This month, the world’s first utility-scale floating wind turbines started spinning off the coast of Scotland. These new turbines have a key difference from the 4,000 or so offshore turbines that have been installed around the world so far: They are not built into the seafloor. Rather, they stand on floating platforms, attached to the seafloor using only long cables.
This technology could have big implications for the U.S., because some of the nation’s best offshore wind resources are located above water too deep for turbines fixed to the ocean floor.
Take a look at this map of wind speeds in the western US.
Purple and blue represent lower average wind speeds, yellow and orange represent higher speeds, and the darkest red represents an average wind speed of more than 22 miles per hour (up at around 300 feet over sea level, where the turbine blades go). Credit: NREL
It’s clear from the map that the area off the West Coast is home to some of the best wind resources that America has to offer. For comparison, look at the big yellow streak running down the middle of the U.S. from Canada to Texas. That region, where wind speeds are significantly lower, is home to more renewable energy production than almost anywhere else on earth, and powers more than a third of the electricity consumed in Iowa, North Dakota and Oklahoma.
In fact, there is more wind blowing off the West Coast than we could ever use. According to data from the Department of Energy, West Coast wind could supply three times the electricity needs of the entire United States, or 26 times the needs of California, Oregon and Washington.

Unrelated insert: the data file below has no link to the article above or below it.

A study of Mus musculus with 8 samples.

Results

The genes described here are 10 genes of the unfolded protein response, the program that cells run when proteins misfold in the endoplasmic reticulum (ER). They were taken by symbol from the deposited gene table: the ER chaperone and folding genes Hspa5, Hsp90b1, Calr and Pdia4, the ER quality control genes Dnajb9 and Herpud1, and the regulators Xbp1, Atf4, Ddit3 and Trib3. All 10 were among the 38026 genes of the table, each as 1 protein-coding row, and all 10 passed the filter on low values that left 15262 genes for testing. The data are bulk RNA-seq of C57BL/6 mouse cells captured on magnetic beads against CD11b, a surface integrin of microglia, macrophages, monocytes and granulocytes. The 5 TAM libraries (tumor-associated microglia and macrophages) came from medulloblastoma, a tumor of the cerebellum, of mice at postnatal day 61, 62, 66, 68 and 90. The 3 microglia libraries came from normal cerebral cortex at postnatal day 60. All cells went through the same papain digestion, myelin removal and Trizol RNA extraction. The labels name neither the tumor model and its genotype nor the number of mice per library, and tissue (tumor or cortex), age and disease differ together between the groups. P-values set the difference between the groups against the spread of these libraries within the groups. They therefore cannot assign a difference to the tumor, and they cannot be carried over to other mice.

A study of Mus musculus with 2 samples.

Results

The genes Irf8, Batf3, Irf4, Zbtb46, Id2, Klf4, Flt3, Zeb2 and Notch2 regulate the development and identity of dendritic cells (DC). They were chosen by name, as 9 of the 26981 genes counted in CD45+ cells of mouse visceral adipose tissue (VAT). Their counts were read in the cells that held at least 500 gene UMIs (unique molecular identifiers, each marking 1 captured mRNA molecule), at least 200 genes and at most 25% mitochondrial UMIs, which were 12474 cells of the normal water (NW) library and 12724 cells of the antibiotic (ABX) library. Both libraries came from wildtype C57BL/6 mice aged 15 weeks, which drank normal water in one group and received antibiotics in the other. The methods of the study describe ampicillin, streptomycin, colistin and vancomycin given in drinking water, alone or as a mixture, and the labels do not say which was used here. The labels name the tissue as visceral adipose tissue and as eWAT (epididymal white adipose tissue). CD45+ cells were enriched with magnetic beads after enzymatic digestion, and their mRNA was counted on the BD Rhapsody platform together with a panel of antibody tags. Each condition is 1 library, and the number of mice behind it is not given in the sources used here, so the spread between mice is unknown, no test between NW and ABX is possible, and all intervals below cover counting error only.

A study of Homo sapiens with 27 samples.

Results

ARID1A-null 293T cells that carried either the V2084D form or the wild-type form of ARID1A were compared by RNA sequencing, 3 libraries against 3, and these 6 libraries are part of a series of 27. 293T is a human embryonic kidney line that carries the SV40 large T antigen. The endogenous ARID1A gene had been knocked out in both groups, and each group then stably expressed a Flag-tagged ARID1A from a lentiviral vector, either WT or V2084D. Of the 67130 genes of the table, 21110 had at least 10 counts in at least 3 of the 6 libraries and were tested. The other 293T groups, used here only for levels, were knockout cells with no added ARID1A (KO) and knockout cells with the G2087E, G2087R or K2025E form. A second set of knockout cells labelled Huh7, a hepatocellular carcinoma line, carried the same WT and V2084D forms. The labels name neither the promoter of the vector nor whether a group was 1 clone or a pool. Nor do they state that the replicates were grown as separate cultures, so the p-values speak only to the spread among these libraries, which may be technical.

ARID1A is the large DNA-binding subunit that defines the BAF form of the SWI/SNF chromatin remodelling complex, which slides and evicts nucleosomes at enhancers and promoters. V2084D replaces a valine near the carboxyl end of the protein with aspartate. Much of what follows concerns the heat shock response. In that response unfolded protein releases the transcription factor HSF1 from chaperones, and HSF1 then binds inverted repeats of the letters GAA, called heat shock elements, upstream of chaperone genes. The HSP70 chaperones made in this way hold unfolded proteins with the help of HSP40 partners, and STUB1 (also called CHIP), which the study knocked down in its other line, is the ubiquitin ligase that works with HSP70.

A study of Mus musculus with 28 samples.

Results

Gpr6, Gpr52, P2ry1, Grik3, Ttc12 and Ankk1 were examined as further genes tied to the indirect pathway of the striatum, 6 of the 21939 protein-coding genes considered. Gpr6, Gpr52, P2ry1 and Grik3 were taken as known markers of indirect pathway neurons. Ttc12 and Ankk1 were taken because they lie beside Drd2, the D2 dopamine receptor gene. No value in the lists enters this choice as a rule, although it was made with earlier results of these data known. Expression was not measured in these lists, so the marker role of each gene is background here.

That offshore energy is valuable, and not just because there’s a lot of it. Offshore wind could be built right by some of America’s biggest population centers and energy demand. And offshore wind can complement solar energy, since turbines can keep spinning at full power at night and on cloudy days.
But until now, accessing all that energy has been impossible. That’s because the ocean off the West Coast is too deep for fixed-bottom turbines, which can only be realistically installed in depths of up to around 150 feet. Off the West Coast, around 99 percent of all the offshore wind potential is in ocean deeper than that.[pdf]
Because floating turbines are new and expensive (for now), it will take policy intervention to kickstart the technology. But doing so will likely be worth it in the long run. In addition to unlocking all that new wind energy, floating turbines have some big benefits that could eventually make them a core part of a clean, renewable electric grid, both in America and around the world. For example:
A few types of floating offshore wind turbines. Credit: NREL
Experts predict that as we begin deploying floating turbines they should dramatically drop in price. And as offshore wind gets cheaper, it could become a core part of our energy mix here in the U.S. – eventually playing a key role in getting us off fossil fuels altogether.
Policymakers who want to kickstart American offshore wind don’t need to look far for inspiration. Some of the same policies that already helped drive development and reduce the cost of solar energy and onshore wind could also work for floating (and other offshore) turbines. For example, renewable energy standards can be updated with technology “carveouts” to guarantee demand for offshore energy. Work also needs to be done to streamline the process for developing offshore wind projects – the first U.S. offshore wind project, the Block Island Wind Farm off the coast of Rhode Island, needed to get approval from 11 separate state and federal agencies.
With the first floating wind turbines now spinning in Scotland, policymakers should work quickly. Beginning to develop offshore wind now – including using important new technologies like floating turbines – could be an important step toward achieving a clean, renewable grid of the future.